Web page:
One of the things about programming in the same “environment” for an extended period is that you get comfortable with the way you tackle similar problems.

Case in point:

When you start writing a plugin, you likely have an idea as to how you will implement something before writing it.

I’d venture to say that this begins to happen while the client is describing their problem. I don’t think there’s anything inherently wrong about this. In fact, I believe that it’s probably a good thing as it’s a sign you’re learning your way around the API, how to structure files, assets, and so on.

But at what point do we start coasting on autopilot? Or, perhaps a better way to ask it, is when are we just going through the motions of solving different-but-similar problems?

We Should Be Creatively Solving Problems

For most of us, the things we’re building for others are going to likely be slight variations on problems we’ve already solved or problems that have been solved by other people. (Thus libraries, right?)

On top of that, we have reusable components and libraries of our own that we import into new projects top help us with certain, repetitive tasks. And that’s a Good Thing™.

At what point, though, do we start to question our methods?

Existing Solutions

Like anyone, there are other programmers I respect, admire, and whose work I try to study to improve myself.

Some of these are people who most developers probably know (like Joel Spolsky or Bob Martin). Some we may know personally or from afar in our circles. At some point in our hobby or career, we have learned at least one new thing from them.

Creatively solving problems with the help of others.

But after we get to a certain point where we’re satisfied with what we’re able to accomplish, I think it’s easy to get comfortable and stop working on improving our pursuit of getting better at what we do.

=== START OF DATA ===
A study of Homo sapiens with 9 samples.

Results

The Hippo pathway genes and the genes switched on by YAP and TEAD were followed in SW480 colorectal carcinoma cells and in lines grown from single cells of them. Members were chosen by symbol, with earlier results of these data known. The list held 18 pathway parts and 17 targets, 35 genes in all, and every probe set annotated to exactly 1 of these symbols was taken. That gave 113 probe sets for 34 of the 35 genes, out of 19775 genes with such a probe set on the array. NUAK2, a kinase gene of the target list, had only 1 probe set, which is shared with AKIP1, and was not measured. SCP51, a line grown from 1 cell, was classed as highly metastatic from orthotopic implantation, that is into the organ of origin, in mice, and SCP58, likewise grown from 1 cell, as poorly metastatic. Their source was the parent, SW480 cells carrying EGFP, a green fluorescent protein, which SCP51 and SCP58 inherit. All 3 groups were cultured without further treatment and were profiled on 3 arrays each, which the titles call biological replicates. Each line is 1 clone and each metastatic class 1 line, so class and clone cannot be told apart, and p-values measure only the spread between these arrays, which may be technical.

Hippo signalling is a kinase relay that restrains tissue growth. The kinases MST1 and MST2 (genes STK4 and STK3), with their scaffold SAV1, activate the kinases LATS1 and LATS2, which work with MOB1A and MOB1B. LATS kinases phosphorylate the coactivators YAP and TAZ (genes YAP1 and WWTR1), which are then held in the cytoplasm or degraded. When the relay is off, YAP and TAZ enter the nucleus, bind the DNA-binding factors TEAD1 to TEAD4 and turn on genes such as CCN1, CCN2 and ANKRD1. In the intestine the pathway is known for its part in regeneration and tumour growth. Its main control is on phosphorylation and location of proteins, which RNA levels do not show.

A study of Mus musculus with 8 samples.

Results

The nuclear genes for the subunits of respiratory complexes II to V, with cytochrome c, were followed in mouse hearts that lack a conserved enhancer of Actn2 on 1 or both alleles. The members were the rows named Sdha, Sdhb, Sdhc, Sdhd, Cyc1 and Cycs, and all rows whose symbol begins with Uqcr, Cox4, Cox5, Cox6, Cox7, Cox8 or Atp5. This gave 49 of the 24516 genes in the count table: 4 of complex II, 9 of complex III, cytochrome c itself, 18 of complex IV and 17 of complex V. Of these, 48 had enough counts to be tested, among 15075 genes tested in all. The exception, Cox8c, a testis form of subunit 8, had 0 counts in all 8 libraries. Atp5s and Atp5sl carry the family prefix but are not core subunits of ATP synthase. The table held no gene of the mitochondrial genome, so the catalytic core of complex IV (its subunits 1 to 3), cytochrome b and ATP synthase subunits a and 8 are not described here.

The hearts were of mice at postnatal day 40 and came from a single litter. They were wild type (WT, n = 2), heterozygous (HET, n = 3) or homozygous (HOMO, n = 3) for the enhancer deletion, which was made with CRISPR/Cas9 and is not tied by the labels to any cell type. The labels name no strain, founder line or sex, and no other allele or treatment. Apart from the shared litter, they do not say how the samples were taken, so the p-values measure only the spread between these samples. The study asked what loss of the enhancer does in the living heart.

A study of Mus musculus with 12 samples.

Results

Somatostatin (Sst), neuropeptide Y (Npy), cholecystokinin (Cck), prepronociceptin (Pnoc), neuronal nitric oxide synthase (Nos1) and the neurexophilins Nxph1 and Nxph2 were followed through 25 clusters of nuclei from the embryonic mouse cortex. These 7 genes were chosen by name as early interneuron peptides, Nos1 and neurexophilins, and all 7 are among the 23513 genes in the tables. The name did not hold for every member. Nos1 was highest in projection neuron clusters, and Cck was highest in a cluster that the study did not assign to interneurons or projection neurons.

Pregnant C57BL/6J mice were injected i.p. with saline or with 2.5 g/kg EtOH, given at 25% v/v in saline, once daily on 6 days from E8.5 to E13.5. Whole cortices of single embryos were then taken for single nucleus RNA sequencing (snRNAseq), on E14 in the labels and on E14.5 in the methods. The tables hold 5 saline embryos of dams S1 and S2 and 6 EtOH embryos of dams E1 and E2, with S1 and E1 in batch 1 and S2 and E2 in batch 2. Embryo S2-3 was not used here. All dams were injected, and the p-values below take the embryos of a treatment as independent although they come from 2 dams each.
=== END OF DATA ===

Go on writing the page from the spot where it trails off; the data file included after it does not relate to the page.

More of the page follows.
On the other hand, I think it’s also possible that we start to think creatively about new ways to tackle problems that we experience as we grow our skills. Personally, I often question myself when I start to do this.

I mean, why would I try to come up with a new way or new technique for handling, say, loading dependencies in my projects when there are already a plethora of patterns, strategies, tools, and libraries to make this possible?

I won’t digress on this question, but I think it’s okay to pursue our ways of tackling problems. Sometimes the ways above of dealing with a problem might be overengineered for what we’re trying to do. Or perhaps a third-party tool doesn’t quite do what we want so we have to modify it a bit.

Project Specific Libraries

There’s nothing wrong with writing a project-specific library. Sure, you can generalize it later, but if you’re going to be maintaining a project over time, then I think it’s okay to have work within the context of your project.

Existing PHP Projects on GitHub

So I’m rambling on working out our ways to solve a problem when a solution may already exist. What’s my point?

We’re scared of sharing the work we’re doing because we’ll seem inferior or even dumb to our peers.

Because there are those who will always show up in the issue tracker, comments, on Twitter, or whatever to say:

Why are you doing it that way, when this way or this utility can handle it for you?

And that’s always going to be there, but the effect that it can have on people trying out something new, trying to learn something new, and trying to grow their skillset through experimentation can take its toll.

Push Forward, Anyway

I don’t think I’ve said anything new nor do I think I’ve said anything that will contribute to changing this.

But part of the reason I bring this up is because, despite having done this for at least a decade, there’s still intimidation of talking about an idea of tackling a problem despite having existing, alternative solutions for it.

With all of that said, it wouldn’t be particularly honest of me if I didn’t discuss and share my code, though, would it? So in the next post, I’ll aim to put my money code where my mouth is with some work from an existing project.